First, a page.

I first visited Havana in November 2016, a few days after Fidel Castro died, and just under a year before Hurricane Irma hit Cuba in September 2017. Since then, much has changed, including the hand-painted signs that punctuate the journey from the airport to the city centre, which today do not celebrate the revolution so much as the 'Unidad y...


The exhibition Beyond Boundaries at Somerset House in London (12 March–2 April 2019) marked the historic contributions of the Central Academy of Fine Arts, Beijing (CAFA) and the Slade School of Fine Art, University College London, on the occasion of their 100th and 150th anniversaries, respectively. Spread across several rooms of Somerset House's...


The National 2019: New Australian Art features work by 70 contemporary Australia-based artists split across three venues: the Art Gallery of New South Wales (AGNSW), Carriageworks, and the Museum of Contemporary Art Australia (MCA) (29 March–21 July 2019), as curated by Isobel Parker Philip, curator of photographs at AGNSW; Daniel Mudie Cunningham,...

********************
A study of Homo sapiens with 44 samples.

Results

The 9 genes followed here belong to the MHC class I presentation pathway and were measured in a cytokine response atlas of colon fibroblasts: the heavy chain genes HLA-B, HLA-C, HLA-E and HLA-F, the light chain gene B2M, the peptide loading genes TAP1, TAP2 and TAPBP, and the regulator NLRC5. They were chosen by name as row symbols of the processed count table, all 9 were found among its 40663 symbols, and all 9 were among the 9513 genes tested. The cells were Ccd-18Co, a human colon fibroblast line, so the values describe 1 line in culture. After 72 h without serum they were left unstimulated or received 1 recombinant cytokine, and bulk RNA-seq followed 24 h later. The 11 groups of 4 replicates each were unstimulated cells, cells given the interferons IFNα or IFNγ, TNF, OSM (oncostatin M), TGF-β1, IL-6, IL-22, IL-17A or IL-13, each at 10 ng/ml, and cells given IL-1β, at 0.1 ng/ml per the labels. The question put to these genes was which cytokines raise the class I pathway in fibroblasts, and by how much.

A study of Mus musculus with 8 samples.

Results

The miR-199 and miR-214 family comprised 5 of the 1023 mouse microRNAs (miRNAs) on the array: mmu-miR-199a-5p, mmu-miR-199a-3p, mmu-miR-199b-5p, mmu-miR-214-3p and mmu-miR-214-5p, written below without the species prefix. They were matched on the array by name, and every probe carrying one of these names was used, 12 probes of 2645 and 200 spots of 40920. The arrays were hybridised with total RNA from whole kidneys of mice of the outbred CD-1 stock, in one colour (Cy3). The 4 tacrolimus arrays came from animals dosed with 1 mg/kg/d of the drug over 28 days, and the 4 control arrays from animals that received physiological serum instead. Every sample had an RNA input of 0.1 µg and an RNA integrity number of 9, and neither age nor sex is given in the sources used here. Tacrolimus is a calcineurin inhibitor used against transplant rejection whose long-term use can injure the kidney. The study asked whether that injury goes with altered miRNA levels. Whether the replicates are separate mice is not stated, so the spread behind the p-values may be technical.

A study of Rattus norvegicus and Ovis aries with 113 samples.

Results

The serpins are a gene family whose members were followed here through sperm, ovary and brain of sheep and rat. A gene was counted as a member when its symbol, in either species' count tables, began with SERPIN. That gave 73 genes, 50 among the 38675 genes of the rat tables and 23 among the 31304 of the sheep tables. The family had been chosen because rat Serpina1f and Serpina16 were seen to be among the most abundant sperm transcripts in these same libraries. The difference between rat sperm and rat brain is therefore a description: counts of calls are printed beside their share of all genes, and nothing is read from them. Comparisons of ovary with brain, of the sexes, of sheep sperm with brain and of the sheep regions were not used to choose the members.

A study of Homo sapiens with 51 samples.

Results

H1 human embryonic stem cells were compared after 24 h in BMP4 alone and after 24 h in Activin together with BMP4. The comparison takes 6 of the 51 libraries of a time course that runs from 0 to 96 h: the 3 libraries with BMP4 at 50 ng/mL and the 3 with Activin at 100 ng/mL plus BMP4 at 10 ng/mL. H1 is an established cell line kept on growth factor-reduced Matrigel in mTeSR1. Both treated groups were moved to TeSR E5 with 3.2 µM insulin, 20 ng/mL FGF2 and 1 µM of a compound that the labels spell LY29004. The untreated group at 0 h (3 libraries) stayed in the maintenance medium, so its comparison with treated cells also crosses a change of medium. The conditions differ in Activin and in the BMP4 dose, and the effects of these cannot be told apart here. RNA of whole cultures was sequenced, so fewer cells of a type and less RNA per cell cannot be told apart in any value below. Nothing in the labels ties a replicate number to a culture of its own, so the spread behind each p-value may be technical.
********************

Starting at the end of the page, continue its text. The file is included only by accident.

Treading on Euphemisms for Women

Barbara Pollack Hyperallergic First published on 6 October 2017

Exhibition view: Lin Tianmiao, Protruding Patterns, Galerie Lelong & Co., New York (7 September-21 October 2017).

Lost in this month's furor about the use of animals in some of the works in the Guggenheim's exhibition Art and China after 1989: Theater of the World, which led to the removal of three installations, is another troubling aspect: of more than 70 artists on view in that show, only 10 are women; one of those, Sarah Morris, is not even Chinese. Certainly, the curators could have done more to redress this imbalance, but it's impossible to entirely erase the history of discrimination in the Chinese art scene during the period under consideration. The fact remains that in the 1990s and early 2000s, due to the influence of the old boys' networks in Beijing, Shanghai, and Guangzhou, very few women were allowed to emerge as artists. Only now is this beginning to change.